Tuesday, March 18, 2014

RPG Review Thoughts


sxc.hu
I was fortunate enough to read through a pre-production copy of an RPG this evening/morning. It looks like a fun game, but I realized a few truths about myself.

When I am reading something for a review, it's impossible to shut the editor off.

I really enjoy the art and like commenting on it (good, bad, or ugly) in my reviews. Taking that art away doesn't detract from my enjoyment of the product, though.

My mind works different than others. After going through several passes by several people, I was catching phrases that just caught me wrong. They read fine to all those other people. Yet still, I found issue with one here or there. And, even though it might be okay for the majority, not being okay for the few was bothersome to me. I want everyone to get the same thing from the book. I hate rules lawyers and I hate rules debates.

When I'm let in early on a project like this, I find myself considering myself part of the team in a strange way. I noticed my notes referred to "we" a lot, although I had nothing to do with the project. I sure hope that doesn't offend actual team members who poured their blood, sweat, and tears into the product.

I can never seem to find a happy medium for fluff in an RPG book. There's either not enough or too much. Yet, somehow, none seemed to work just fine for a fast and easy read.

This is my first time doing an independent review where I've agreed to so many stipulations including an pseudo-NDA and agreeing to allow the publisher to review the article before it's to be published. Many of the terms were similar to my "work for hire" contracts, but my only pay here was an advanced copy of the pre-production. I'm not complaining, but that I did that kind of surprised me.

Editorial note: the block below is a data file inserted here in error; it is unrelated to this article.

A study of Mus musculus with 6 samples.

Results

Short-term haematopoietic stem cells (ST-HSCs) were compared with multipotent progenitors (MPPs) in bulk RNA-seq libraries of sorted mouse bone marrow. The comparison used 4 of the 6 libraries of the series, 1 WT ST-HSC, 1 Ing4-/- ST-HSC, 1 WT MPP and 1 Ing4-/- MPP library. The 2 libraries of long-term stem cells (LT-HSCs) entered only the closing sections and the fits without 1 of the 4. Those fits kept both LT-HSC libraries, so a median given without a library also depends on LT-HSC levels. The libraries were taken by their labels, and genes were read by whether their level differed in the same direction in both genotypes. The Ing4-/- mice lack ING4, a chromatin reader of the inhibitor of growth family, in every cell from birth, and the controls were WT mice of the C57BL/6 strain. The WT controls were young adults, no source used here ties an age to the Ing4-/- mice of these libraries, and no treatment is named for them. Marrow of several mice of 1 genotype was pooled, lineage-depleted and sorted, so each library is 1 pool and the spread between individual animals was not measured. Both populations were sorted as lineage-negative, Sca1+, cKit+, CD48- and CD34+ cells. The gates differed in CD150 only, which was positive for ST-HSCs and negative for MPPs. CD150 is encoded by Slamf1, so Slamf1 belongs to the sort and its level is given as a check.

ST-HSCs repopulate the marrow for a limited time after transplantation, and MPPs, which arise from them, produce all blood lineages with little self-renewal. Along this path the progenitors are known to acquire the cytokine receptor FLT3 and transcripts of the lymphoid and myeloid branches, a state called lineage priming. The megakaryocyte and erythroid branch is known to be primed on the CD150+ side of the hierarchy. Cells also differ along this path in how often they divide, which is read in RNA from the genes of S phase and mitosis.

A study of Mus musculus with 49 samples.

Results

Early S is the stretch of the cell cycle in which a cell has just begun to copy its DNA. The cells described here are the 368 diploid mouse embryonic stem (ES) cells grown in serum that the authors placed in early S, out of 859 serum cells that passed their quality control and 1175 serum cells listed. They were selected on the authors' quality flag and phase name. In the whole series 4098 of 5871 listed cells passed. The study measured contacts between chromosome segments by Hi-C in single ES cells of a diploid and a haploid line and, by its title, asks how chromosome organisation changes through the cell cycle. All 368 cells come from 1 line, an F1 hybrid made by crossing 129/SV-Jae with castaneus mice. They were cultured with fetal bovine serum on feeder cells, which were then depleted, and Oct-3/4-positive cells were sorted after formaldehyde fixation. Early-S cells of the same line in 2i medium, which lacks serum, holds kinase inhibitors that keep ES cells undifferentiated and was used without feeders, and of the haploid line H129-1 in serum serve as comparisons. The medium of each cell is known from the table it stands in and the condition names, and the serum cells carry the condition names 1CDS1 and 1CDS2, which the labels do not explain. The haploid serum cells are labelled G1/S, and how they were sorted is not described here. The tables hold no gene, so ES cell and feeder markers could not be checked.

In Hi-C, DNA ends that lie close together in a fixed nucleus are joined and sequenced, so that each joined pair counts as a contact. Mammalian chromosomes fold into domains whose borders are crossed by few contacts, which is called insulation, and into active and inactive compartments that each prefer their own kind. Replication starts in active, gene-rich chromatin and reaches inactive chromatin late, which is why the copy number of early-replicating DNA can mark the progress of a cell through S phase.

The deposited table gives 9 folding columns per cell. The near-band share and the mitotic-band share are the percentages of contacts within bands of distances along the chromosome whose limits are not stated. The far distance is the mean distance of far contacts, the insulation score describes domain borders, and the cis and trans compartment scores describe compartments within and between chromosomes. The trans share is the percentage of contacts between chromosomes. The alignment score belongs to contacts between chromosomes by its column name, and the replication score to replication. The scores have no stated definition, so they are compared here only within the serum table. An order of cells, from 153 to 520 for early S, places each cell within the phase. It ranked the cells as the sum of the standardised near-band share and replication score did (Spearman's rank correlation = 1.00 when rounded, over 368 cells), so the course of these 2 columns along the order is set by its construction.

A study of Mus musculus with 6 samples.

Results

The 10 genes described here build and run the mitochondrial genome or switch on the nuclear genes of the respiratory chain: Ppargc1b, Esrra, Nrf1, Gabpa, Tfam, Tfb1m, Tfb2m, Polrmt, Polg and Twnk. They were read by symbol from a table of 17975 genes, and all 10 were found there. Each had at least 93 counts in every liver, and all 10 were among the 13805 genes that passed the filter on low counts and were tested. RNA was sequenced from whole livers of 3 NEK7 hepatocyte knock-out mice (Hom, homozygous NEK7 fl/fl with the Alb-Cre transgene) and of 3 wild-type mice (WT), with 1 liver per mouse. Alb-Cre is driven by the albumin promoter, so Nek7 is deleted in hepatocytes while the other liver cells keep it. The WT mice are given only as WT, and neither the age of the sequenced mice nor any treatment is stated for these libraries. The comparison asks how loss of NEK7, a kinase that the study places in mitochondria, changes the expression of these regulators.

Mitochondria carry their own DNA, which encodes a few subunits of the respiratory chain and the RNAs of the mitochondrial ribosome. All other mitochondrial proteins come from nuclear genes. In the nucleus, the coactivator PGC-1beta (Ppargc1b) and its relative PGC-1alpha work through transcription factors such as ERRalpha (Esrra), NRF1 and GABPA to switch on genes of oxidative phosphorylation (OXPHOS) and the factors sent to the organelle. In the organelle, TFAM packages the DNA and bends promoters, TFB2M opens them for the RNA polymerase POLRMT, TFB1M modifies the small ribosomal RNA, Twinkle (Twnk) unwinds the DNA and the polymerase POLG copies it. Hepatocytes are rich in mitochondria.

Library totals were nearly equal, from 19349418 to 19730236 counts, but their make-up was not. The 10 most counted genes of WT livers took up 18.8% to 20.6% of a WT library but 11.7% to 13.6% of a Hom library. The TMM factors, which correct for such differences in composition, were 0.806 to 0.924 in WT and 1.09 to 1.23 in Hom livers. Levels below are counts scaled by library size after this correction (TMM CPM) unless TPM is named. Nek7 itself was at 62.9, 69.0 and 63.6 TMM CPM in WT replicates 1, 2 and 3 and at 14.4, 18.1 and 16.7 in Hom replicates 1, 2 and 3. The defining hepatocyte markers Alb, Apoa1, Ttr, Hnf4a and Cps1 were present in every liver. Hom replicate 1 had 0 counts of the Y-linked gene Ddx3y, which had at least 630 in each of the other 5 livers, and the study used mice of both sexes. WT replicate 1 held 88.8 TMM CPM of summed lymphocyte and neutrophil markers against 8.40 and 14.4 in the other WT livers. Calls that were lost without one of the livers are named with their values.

I think this will be a decent product and I'll let you know more when I can. I am excited to see it published in its final form and I am going to have a go at running it as well.

RPG reviews are important. You'll find a lot of goofy ones out there where people don't seem to have read what they are reviewing. Or, there are some people who follow their mother's advice. You know, "if you have nothing nice to say, don't say anything at all." I know a lot of people get free copies here and there and I do sometimes. More often than not, I'm reviewing something I spent my money on. I can be harsh, but it's rarely for the sake of being harsh. I want people to strive to do better. And, sometimes, my matter of fact nature simply comes across as being harsh.

I haven't had any hate mail yet, so I guess I've done okay there. Or, you know, I just haven't publicized my blog enough.

What kind of review realizations have you come across? Any fun review stories? Not so much of the product, but of the review process itself. Share them here, I'd love to hear them.